Associated Projects

The Centre for Advanced Study in Bioethics is intended to act as a centre of gravity for its research topics within and beyond the University of Münster. The following projects are associated with the Centre:

Anthropology and Normativity

Kurt Bayertz / Neil Roughley et al.

The working group "Anthropology and Normativity" is designed as an interdisciplinary and international forum, which in addition to philosophers comprises representatives of various empirical disciplines (including psychology, primatology, ethnology). Its special interest is the relationship between the biological 'nature' of man and his social and cultural existence. The focus is on the question about the natural foundations of social intelligence of man, as well as the phylogenetic and ontogenetic emergence of (social, linguistic, moral and aesthetic) norms.

Political Philosophy as a Resource of Justification of Norms in Biomedical Ethics

Alena Buyx

The Emmy Noether Research Groups looks across a number of issues and discussions in bioethics and examines how political philosophy has played out in these areas. Based on this horizontal analysis, it seeks to develop well-argued policy proposals for ongoing bioethical debates. Exemplary fields of inquiry are theories of justice and priority setting in medicine and health care; the different normative justifications of public health and health promotion policies; concepts of the person and enhancement; and solidarity in contemporary bioethical applications.

EULOD – Living Organ Donation in Europe

Thomas Gutmann et al.

Within this EU research project on problems of living organ donation, researchers of the University of Münster compare the legal situations in Europe, focussing among others on legal restrictions, the efficacy of legal regulations, and the normative that dominate the policy arena about necessity and legitimacy of legal restrictions in living donor transplantation.

Moral Demandingness

Marcel van Ackeren

The project explores the concept of moral demandingness and wants to show that it should be understood as an oversize cut in the interests. Main objective of the project are a critical discussion of the requirements of the moral demandingness objection as well as theoretical options to deal with it. Here it is shown that the so-called 'anti-theory' is not an adequate response, but that ethical (metaethical and normative) theories are possible which are equally human, realistic, and moderate, without sacrificing normativity.

Person and Dignity

Jörg Hardy

The research project "Person and Dignity" is aiming at an eudaimonistic interpretation of personal autonomy and human dignity. It will be attempted to resolve the relation between dignity, personal autonomy and happiness. Personal autonomy and dignity will be embedded in a theory of a happy and succesful living. The assumption is, that dignity primarily is a preferentially desirable and happiness-deciding self-relation of a person.

Normative aspects of public health

Stefan Huster / Thomas Schramme et al.

People have always tried to maintain, improve, or restore their health. Increasing knowledge about the mechanisms that cause disease has led to enhanced opportunities to prevent the outbreak of disease. The prevention of disease is a central task of public health measures. For instance, improved hygiene has significantly contributed to increased health. But most recently the focus has been widened to include health determinants such as individual lifestyles and social factors. We have come to know that these aspects have a strong impact on health, and also that they are strongly related to class. This becomes especially clear when considering the extensive epidemiological data that show a stark correlation between socioeconomic status and life expectancy. These finding have stirred up political concern. After all, the state has the same obligations to each of its citizens; drastic inequalities regarding health and life expectancy do not seem tolerable in a welfare state.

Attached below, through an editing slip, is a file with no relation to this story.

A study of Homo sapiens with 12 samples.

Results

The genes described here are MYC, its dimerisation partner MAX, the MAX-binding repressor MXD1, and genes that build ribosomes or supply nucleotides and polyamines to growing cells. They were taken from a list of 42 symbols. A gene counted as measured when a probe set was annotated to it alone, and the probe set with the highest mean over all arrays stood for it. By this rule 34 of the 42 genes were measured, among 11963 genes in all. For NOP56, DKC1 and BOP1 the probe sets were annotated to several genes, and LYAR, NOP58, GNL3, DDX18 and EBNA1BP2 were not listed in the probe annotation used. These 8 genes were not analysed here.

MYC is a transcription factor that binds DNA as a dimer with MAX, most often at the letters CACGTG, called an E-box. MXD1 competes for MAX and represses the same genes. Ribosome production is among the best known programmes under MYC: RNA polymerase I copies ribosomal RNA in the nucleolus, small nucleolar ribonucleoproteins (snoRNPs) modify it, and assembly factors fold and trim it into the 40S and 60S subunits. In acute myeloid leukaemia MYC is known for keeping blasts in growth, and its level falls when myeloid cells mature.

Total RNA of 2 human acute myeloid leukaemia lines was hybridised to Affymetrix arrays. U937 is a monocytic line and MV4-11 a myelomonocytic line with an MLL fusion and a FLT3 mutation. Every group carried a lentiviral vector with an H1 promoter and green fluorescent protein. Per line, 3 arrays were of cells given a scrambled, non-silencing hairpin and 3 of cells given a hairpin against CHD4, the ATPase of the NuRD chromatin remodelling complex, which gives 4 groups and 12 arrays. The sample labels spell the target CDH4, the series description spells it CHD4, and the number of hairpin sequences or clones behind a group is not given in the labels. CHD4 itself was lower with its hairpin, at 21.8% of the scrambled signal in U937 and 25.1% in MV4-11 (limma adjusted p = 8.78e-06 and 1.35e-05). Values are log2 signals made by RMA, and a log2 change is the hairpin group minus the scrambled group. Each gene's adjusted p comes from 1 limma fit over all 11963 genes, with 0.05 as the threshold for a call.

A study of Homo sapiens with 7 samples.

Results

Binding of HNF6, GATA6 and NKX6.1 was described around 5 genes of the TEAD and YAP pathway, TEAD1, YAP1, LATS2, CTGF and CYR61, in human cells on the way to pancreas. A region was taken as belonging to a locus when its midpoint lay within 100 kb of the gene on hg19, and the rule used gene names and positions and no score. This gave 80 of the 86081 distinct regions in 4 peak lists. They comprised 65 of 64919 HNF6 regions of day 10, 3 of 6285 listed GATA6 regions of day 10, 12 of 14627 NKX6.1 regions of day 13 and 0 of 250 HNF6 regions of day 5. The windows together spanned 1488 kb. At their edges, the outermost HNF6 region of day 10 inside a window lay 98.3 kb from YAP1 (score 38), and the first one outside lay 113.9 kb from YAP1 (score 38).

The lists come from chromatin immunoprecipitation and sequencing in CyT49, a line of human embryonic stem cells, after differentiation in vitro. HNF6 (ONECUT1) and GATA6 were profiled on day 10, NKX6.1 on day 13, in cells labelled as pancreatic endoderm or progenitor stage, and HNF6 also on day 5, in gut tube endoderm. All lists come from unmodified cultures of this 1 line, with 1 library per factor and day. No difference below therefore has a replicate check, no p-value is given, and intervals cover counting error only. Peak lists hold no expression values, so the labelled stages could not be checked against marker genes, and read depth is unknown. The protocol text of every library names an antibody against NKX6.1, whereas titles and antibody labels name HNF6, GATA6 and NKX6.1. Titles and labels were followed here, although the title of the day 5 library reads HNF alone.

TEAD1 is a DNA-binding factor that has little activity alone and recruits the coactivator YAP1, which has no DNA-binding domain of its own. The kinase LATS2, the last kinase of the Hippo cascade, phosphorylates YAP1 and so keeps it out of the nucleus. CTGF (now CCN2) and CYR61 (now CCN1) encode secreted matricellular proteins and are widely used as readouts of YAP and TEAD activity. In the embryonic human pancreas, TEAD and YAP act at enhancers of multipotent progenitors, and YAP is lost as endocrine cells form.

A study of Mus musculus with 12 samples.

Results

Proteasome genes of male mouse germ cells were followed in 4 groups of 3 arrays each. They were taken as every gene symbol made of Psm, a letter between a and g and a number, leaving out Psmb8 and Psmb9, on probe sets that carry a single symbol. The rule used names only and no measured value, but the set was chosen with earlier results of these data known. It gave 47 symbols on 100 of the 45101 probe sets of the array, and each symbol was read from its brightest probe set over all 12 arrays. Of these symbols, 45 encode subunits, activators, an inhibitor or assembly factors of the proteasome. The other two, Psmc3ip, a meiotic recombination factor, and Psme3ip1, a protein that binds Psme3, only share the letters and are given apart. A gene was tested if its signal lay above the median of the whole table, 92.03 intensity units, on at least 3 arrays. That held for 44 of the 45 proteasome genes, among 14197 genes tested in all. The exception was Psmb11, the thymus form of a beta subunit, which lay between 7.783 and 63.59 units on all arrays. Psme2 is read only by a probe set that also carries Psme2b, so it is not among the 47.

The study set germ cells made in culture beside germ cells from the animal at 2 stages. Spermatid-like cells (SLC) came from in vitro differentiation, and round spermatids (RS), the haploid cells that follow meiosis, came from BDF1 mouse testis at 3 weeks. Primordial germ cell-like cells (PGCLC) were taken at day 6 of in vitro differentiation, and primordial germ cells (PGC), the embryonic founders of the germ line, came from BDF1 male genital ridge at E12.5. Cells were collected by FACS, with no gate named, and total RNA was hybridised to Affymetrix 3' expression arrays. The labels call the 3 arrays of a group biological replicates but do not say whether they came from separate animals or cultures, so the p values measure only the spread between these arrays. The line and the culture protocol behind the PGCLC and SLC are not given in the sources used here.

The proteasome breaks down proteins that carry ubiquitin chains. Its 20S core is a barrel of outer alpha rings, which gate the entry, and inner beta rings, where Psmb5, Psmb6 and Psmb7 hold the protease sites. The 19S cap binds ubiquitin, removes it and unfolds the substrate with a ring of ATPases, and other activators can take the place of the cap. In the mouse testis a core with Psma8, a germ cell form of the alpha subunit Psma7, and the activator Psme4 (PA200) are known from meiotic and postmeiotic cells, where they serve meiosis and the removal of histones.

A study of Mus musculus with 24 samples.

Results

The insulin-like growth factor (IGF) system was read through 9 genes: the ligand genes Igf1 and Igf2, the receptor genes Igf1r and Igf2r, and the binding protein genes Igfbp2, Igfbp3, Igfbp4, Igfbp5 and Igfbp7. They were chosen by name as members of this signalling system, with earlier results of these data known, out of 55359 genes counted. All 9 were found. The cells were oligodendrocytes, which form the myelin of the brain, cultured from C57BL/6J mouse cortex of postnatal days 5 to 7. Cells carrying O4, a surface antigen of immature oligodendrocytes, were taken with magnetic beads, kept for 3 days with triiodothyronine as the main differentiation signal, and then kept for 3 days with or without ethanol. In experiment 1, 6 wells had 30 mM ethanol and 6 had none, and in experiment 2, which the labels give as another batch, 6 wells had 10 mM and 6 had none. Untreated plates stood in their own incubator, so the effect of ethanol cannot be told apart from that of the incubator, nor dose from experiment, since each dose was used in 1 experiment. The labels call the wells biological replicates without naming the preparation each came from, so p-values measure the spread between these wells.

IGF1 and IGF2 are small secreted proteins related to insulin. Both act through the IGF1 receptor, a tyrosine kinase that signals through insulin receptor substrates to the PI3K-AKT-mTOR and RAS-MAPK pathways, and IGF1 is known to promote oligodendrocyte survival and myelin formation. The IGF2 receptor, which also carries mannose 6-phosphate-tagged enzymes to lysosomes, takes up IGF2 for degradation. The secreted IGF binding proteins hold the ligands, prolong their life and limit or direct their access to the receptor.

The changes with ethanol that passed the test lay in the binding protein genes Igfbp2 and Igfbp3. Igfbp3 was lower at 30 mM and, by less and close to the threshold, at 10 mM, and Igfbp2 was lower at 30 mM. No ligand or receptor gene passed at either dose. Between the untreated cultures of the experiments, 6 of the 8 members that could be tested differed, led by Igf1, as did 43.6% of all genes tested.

Thus the empirical phenomena are fairly well known. Yet their normative implications are less often discussed: Whether, and in what sense, these health inequalities are injustices. Moreover, how can they be tackled? We might know that some of the biggest 'killers' in modern societies are significantly influenced by nutrition and diet, but this does not imply that we know what we may and should do in order to promote behaviour conducive to health in citizens. Here we need to ask how much we care for or value health and whether interventions in individual freedom can be justified by the purpose of health promotion.
The research group "Normative Aspects of Public Health" aims at discussing these topics in a systematic and thorough way. For this purpose, an interdisciplinary approach is vital. The group will cover genuinely new ground, for this topic has received little treatment in the German-speaking world. The project will offer an opportunity to assemble a group of experts from different disciplinary backgrounds who will thereby be enabled to collaborate over and above the lifetime of the project.

The Social Ontology of Personhood – a Recognition-Theoretical Approach

Michael Quante et al.

This international project is funded by the Australian Research Council and addresses the question, how human persons differ from other beings. The leading hypothesis, that die specific difference is constituted by the sociality of human persons, is examined by three major fields of research: theories of personality, theories of the constitution of social worlds, and theories of mutual acknowledgement.